That's no star. That bright object low in the south-west just after sunset is the planet Venus.
Looking to the west this month, you’ll see a bright object that looks like a star, but isn’t. It has been mistaken for a star, a UFO and has even been given permission to land. It’s Venus, currently taking a turn as the evening star.
Venus is by far the brightest object in the night sky after the moon. Look towards the direction of sunset and you’ll see it there gleaming in the twilight. It currently sets about 2 hours after the Sun.
You may have heard Venus called “the evening star” or “the morning star”. It can appear in after sunset or before sunrise, depending on where the planet lies in its orbit around the Sun.
Like all planets, Venus shines by reflected light, like a giant mirror. And Venus is particularly reflective, covered with a blanket of cloud that bounces a lot of the light that hits it back into space. We say it has a high “albedo” or reflectivity.
Unfortunately for Venus, not all of the light that hits it bounces off. Some of it gets through the dense cloud and heats up the surface. Early surface temperature measurements on Venus surprised astronomers by being much hotter than expected, even though the planet is closer to the Sun.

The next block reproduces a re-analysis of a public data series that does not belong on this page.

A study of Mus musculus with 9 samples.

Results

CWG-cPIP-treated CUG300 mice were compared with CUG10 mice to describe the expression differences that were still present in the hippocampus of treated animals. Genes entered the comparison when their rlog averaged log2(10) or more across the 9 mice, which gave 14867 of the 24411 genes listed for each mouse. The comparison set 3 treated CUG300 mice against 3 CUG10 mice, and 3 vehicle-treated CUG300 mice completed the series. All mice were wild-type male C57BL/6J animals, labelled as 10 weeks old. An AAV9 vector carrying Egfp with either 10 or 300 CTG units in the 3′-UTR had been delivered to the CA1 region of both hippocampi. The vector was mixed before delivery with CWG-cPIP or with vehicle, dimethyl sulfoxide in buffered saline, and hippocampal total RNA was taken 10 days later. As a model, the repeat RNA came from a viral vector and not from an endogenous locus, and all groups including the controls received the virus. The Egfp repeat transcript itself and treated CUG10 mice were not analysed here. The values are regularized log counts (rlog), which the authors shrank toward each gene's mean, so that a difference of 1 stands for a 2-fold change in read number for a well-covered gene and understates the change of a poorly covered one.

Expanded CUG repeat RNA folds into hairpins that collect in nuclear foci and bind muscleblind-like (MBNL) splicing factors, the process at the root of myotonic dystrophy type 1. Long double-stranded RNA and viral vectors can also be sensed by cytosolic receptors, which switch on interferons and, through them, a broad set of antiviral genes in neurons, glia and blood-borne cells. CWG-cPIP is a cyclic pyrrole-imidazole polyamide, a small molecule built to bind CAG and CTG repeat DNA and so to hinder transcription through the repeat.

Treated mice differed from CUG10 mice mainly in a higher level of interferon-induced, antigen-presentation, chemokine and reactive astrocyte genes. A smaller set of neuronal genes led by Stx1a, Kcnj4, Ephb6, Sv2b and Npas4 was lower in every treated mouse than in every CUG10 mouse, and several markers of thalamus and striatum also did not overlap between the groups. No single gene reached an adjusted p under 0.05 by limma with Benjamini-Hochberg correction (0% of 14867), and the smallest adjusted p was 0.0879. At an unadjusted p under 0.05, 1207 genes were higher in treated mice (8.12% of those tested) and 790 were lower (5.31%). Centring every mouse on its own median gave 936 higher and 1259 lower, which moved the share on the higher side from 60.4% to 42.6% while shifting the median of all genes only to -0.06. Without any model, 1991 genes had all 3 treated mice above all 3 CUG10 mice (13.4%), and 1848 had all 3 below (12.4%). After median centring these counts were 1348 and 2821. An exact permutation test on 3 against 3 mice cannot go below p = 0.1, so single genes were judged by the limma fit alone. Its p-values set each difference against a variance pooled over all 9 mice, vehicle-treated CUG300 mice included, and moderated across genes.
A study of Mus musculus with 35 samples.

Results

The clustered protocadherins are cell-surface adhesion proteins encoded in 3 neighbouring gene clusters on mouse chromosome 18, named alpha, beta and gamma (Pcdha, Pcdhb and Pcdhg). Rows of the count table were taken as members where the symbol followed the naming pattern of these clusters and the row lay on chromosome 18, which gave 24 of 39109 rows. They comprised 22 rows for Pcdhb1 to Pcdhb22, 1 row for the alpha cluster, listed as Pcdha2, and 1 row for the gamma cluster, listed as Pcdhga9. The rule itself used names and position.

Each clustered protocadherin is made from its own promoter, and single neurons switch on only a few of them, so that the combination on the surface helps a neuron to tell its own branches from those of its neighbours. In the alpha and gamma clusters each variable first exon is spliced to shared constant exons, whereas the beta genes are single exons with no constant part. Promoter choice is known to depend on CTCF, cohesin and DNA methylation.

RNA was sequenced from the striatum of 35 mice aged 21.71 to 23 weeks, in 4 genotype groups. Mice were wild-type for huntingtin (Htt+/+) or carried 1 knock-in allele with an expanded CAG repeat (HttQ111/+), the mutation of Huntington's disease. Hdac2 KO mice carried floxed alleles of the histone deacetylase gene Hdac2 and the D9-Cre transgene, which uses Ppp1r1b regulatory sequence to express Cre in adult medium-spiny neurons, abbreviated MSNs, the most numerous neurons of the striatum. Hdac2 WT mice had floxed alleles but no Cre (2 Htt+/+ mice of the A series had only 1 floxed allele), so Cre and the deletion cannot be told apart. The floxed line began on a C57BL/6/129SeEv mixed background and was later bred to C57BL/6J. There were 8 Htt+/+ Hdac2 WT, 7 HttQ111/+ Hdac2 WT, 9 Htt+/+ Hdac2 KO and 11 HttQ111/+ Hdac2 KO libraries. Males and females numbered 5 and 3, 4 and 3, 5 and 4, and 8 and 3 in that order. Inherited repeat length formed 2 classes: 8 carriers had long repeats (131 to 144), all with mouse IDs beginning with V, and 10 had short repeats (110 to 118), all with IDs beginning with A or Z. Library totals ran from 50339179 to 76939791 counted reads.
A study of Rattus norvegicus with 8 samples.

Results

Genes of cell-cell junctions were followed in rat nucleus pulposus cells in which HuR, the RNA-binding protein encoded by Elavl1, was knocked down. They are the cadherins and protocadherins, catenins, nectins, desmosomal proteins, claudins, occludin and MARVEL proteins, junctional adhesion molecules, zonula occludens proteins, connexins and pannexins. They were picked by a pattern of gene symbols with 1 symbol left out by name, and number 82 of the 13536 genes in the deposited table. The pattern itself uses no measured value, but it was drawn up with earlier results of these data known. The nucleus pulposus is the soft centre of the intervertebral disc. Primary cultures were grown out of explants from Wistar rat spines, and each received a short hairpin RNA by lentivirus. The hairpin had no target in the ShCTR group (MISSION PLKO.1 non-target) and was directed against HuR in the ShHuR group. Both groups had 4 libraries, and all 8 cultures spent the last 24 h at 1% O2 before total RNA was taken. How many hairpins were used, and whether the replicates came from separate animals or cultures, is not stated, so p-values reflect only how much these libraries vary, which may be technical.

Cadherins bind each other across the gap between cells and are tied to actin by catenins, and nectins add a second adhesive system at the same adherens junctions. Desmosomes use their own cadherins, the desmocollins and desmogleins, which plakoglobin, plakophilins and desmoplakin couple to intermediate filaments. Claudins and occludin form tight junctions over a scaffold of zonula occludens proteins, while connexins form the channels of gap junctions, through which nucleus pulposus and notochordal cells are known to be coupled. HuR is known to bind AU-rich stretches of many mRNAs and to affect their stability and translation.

Scientists eventually realised that the same clouds that make Venus so beautiful and bright also create a deadly heat at its surface. The cloud layer forms a greenhouse-like blanket that keeps Venus at a steady 400 Celsius or about 900 Fahrenheit, warmer than most ovens will go.
Aphrodite, Ishtar and others are other names for this planet, evidence that many cultures associated beautiful Venus with love and fertility. The Mayans are famous for using Venus to mark time periods. When Venus appeared in the morning sky, it was associated with war.
Venus is part of our modern storytelling too – as the place where scientists first honed the theory of greenhouse gases being able to warm a planet. When they are in balance, it can be a benefit. But too many greenhouse gases can create a “runaway” effect that can destroy a planet’s chances of harbouring life.